For parents, it can be a real shock. That adoring infant who couldn't take his eyes off you, who wept like the world was ending if you stepped into another room, is suddenly one day holding up his hand like a tiny police officer and barking, "You go away now. I need some pwivacy in here!"

All kids need some level of time alone, starting around the middle of their second year. But how a child expresses that need varies, says Kerrie Smedley, Ph.D., a psychology professor at Lebanon Valley College in Annville, Pennsylvania. Children are passionate imitators, and many of them mimic their parents' attitudes.

Individual temperament plays a big role, too, as Smedley learned with her own kids: "I'm not an excessively private person, and neither is my son, who's nine and has only just started to like taking showers with the door closed. But my five-year-old is extremely self-conscious. At the pool, she wants to change in a private room, even when the other girls are out in the open."

Despite the differences, there are some general guidelines about how a sense of privacy develops in kids. What you can expect at each age:

Babies

Why they need it: For a baby, alone time is really downtime  -- a chance to rest from human interaction and stimulation. Some babies can amuse themselves for as long as 20 minutes, but all babies should get a break for at least a few minutes every day.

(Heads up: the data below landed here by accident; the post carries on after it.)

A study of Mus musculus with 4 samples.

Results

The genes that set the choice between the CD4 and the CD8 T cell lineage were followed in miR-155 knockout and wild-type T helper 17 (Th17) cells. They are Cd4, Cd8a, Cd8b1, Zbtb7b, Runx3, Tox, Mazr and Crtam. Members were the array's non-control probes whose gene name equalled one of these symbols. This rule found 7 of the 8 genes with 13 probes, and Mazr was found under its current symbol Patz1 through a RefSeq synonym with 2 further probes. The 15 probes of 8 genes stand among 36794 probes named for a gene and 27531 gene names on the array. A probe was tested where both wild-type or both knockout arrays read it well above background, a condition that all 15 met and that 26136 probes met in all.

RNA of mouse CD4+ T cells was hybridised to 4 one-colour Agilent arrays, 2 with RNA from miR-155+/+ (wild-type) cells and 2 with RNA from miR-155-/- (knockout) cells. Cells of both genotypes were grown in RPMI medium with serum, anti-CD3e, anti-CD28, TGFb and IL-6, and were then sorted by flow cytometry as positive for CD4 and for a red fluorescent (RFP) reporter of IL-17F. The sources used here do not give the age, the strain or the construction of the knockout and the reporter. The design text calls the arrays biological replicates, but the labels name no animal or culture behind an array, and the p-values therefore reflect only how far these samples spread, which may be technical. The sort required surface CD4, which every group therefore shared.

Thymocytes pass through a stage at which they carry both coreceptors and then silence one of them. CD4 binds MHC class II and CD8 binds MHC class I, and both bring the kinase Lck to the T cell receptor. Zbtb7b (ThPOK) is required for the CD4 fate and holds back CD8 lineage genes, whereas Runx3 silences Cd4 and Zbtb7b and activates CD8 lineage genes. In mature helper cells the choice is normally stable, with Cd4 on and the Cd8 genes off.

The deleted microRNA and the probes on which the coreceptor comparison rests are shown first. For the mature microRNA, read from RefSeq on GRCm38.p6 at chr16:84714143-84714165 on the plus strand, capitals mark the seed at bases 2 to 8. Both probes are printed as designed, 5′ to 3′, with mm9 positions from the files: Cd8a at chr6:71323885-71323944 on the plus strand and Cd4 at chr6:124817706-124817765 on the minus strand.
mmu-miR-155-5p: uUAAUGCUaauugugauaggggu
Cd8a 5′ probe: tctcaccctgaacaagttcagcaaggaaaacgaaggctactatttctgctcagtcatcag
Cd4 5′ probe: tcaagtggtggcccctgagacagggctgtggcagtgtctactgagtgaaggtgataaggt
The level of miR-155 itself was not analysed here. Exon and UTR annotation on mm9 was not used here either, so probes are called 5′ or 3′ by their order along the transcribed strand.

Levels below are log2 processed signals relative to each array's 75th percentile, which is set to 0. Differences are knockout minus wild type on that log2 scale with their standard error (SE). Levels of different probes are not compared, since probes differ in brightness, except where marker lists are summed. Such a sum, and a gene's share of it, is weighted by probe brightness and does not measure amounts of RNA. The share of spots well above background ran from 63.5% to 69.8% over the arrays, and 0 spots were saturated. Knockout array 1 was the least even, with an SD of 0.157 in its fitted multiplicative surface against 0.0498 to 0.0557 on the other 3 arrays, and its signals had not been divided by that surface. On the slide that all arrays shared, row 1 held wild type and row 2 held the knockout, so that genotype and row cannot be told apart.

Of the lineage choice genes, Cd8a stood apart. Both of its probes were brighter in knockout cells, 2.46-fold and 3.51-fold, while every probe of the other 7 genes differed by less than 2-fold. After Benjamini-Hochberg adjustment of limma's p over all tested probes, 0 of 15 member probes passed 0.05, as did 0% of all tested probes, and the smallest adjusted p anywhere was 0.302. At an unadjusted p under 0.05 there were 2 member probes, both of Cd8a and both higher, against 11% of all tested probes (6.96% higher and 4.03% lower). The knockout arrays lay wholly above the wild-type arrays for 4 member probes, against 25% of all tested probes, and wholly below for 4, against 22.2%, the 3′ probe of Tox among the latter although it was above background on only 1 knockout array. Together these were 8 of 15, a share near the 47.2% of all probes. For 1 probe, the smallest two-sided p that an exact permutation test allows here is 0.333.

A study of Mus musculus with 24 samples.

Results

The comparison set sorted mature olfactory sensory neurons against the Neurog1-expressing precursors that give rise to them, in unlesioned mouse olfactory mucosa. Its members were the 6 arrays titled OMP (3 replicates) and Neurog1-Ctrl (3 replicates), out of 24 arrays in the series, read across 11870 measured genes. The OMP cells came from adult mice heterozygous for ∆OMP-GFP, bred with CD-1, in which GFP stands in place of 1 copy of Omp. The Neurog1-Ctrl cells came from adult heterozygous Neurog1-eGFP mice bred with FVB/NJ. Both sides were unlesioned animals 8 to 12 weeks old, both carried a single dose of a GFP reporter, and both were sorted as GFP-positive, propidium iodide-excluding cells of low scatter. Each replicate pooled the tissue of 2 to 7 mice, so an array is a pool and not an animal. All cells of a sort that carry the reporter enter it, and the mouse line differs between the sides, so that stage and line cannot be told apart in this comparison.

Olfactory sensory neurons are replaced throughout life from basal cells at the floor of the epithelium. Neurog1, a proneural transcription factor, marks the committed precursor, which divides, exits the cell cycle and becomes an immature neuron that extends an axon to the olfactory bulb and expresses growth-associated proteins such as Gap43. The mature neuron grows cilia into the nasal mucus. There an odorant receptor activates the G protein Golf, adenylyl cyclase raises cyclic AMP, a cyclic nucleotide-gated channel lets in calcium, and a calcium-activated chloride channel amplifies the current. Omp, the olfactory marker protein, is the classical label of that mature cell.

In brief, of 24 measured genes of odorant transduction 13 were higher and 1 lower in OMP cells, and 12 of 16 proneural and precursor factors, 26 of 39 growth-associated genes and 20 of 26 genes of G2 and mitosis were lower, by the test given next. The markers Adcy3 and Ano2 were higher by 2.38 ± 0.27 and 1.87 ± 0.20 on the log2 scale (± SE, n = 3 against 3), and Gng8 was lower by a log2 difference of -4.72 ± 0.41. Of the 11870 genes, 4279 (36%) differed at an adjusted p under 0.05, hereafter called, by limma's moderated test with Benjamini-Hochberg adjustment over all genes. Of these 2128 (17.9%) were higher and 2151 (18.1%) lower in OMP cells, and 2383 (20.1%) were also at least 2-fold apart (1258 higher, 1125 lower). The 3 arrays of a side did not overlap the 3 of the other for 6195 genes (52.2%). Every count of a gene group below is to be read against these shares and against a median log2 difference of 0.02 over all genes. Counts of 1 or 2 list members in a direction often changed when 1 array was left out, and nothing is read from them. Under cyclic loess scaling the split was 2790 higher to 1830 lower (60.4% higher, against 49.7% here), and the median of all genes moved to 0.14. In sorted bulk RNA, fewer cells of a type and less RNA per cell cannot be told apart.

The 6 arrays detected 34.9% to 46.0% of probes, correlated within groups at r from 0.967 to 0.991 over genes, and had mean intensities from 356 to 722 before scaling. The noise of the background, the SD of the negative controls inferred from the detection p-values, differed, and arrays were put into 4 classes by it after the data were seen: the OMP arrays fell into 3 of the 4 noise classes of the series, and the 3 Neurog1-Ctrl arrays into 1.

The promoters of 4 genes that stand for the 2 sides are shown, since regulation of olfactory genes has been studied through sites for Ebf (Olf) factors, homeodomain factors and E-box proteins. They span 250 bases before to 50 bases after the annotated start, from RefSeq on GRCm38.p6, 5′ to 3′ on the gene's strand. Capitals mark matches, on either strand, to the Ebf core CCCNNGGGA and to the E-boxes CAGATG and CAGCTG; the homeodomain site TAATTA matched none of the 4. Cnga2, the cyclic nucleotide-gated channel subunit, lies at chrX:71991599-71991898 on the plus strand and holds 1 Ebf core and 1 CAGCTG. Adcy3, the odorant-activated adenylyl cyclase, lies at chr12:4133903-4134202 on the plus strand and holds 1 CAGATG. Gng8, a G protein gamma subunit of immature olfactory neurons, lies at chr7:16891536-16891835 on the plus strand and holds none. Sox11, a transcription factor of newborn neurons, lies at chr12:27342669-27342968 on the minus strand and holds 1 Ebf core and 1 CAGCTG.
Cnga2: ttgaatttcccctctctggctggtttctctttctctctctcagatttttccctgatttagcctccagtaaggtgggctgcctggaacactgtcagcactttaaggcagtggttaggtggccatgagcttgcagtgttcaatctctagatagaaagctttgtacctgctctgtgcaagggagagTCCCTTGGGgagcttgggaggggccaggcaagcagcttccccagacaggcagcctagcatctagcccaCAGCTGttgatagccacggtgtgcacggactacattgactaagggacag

When Alexis Richardson's son Bolden, now 3, was an infant, she'd put him in a bouncy seat facing a big window in their living room. "Just outside is a very big oak tree teeming with squirrels, birds, lizards, and other animals," says the Crystal River, Florida, mom. "He loved to watch what was going on in there."

Spending some quiet time also helps a baby learn to entertain himself. One way to encourage this: Don't rush to respond to the very first peep your baby makes when he wakes up. Learning to play with his fingers and toes or practice his cooing will help him calm and soothe himself when he's overstimulated, says Hugh Bases, M.D., developmental pediatrician at the Institute for Child Development at Hackensack University Medical Center in New Jersey.

How you'll know it: Right in the middle of a stimulating game like peekaboo, he may break eye contact, turn his head, or get fussy. That's his way of telling you he's getting overstimulated and needs to be by himself to regroup.

Now that her youngest child is in kindergarten, contributing editor Margaret Renkl is happy she can get a moment to herself every once in a while.